If you’re looking for a case study in the pratfalls of the new music industry, search no further than Washington, D.C. rapper Wale, who released his sophomore album “Ambition” yesterday.
Since his earliest mixtape work, Wale has shown himself to be a talented rapper who can’t write hooks, and his major label efforts are frictionless affairs that slide by in boring competence.
But let’s start from the beginning.
In 2007, Wale broke out with the mixtape “100 Miles and Running,” and he followed that with the equally impressive “The Mixtape About Nothing” in 2008. Both tapes showcased a formidable wit and sophisticated flow — and don’t think that “Seinfeld” reference wasn’t irresistible to rap bloggers.
So, the D.C. boy, the one who still pays homage to his hometown’s go-go music, blew up nationwide, signing with Interscope Records. That proved little consolation when his tepid, confusing debut album, 2009’s “Attention: Deficit,” had a disastrous first week, moving only 28,000 units and missing the top 20 amid accusations that it was undershipped and abandoned by the label.
Eventually fleeing Interscope for Rick Ross’ Maybach Music Group, Wale had learned the hard way that convincing listeners to buy an album has a degree of difficulty far greater than feeding them a free mixtape, even for a blog darling.
He changed tactics in the run-up to “Ambition,” partnering with music downloading site Hulkshare to advertise the LP after he crashed the site’s servers with mixtape “The Eleven One Eleven Theory.” Now, “Ambition” touches down to the sound of crickets, and it looks like Wale might repeat this whole ordeal again.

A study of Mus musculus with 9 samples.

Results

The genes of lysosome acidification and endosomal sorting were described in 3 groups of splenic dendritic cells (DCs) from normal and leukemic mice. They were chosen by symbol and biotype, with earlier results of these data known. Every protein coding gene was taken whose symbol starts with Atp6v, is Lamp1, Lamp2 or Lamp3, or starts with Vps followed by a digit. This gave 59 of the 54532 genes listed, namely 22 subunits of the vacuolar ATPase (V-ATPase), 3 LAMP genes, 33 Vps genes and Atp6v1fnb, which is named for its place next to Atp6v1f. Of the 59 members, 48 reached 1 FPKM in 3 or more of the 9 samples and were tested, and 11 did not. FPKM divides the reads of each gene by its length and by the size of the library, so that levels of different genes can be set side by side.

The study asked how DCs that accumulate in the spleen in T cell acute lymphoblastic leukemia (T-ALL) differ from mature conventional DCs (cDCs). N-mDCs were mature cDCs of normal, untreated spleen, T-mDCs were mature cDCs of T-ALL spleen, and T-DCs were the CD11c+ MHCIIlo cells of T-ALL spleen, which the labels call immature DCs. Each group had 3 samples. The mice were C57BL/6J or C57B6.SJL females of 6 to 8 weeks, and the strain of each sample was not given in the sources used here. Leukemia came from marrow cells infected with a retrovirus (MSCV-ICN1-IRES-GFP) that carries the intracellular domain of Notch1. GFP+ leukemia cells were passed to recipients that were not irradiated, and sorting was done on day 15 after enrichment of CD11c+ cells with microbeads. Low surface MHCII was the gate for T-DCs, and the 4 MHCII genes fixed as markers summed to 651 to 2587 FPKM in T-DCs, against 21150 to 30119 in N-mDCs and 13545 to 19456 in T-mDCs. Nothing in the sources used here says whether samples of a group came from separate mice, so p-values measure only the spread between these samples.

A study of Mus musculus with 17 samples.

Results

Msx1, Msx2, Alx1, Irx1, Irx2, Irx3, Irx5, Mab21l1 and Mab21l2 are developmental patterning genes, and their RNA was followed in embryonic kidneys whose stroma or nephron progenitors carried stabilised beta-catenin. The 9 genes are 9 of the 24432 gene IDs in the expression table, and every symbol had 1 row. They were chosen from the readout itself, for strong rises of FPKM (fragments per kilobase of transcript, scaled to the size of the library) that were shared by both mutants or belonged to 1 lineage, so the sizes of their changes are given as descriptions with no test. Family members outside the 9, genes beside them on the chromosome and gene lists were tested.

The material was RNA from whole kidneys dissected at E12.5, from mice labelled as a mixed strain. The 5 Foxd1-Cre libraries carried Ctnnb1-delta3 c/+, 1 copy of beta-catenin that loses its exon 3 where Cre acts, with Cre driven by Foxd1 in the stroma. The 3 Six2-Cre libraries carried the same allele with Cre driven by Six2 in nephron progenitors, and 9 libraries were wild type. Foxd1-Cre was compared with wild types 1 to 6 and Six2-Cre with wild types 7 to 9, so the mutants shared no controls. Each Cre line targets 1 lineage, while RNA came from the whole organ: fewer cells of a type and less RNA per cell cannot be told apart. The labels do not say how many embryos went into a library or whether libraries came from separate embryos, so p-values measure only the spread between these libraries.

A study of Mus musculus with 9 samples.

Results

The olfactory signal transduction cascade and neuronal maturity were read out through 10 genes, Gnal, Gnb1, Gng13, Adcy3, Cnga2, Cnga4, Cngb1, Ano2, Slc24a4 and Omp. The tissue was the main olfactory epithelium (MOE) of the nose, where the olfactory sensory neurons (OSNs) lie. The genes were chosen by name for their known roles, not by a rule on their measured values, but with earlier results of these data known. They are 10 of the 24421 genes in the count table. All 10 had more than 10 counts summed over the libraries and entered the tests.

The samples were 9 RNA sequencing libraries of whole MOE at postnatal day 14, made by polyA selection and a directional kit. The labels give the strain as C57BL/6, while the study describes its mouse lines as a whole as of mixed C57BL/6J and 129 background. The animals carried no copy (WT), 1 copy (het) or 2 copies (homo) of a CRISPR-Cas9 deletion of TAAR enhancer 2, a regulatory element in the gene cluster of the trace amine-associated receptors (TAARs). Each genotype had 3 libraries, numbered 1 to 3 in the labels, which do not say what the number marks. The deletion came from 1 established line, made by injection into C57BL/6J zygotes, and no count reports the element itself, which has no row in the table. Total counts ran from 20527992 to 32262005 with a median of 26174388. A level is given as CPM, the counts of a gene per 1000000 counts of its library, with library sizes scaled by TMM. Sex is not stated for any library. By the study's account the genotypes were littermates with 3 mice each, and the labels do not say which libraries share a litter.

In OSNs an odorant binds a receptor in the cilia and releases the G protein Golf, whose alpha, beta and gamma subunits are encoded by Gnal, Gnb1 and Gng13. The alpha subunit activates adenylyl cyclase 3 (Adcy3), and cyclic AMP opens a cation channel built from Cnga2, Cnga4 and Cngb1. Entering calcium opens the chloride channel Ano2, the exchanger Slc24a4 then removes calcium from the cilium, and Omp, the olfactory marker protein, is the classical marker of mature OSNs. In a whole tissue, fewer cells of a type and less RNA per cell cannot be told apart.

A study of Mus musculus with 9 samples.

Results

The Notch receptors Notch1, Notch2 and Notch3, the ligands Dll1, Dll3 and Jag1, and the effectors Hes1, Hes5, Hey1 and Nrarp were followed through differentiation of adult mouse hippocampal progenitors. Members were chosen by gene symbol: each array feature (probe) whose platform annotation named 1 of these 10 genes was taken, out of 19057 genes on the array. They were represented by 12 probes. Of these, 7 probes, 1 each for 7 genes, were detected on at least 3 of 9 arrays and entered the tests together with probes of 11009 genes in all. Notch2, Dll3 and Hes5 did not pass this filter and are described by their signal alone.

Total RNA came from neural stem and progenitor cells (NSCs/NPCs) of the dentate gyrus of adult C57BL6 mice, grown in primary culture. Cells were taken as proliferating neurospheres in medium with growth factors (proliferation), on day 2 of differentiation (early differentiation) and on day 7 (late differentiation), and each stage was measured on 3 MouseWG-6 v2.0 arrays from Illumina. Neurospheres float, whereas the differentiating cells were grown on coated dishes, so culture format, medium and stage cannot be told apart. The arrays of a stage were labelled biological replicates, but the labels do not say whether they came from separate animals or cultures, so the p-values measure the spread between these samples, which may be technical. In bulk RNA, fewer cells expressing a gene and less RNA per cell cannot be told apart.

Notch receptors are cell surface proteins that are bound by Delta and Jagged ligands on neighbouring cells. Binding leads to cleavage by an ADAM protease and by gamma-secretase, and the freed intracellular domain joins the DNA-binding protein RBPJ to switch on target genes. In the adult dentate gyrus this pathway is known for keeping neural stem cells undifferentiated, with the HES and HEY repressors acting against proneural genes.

Despite topping the iTunes charts, chatter surrounding “Ambition” has been minimal. In switching to Ross’ label, Wale surrounded himself with rappers who are all better than him at MMG’s brand of rap — forceful, shuddering bangers paired with poignant storytelling.
Rick Ross has more charisma in his beard than Wale does in his entire body, up-and-coming Philadelphia rapper Meek Mill has settled in as Ross’ right-hand man and Ohio import Stalley seems to be the designated backpacker.
That means Wale’s left without a role, again, and you can hear that confusion on his new album.
Devoid of character, “Ambition” flaunts Wale’s technical ability and not much else. Other than on “Legendary,” where a middle-ground is finally achieved between MMG’s menace and his mixtapes’ city-at-night insouciance, the beats fall flat around Wale’s schizophrenia.
With a solid base of listeners but little radio presence, Wale’s closest recent precedent appears to be the deplorable Big Sean, who appears on “Ambition” track “Work” and, like Wale, counts himself among the coterie of a rap titan, in this case Kanye West’s G.O.O.D. Music. Sean sold 87,000 copies of “Finally Famous” during its first week of release in June, and that number probably represents the ceiling for “Ambition.”
If “Ambition” doesn’t touch the top ranks of the Billboard charts — which, without a major single, is certainly possible — Wale will have another failure on his hands, this time for MMG and Warner Bros. Hopefully, tweets from LeBron and Ochocinco translate into album sales, but don’t count on it.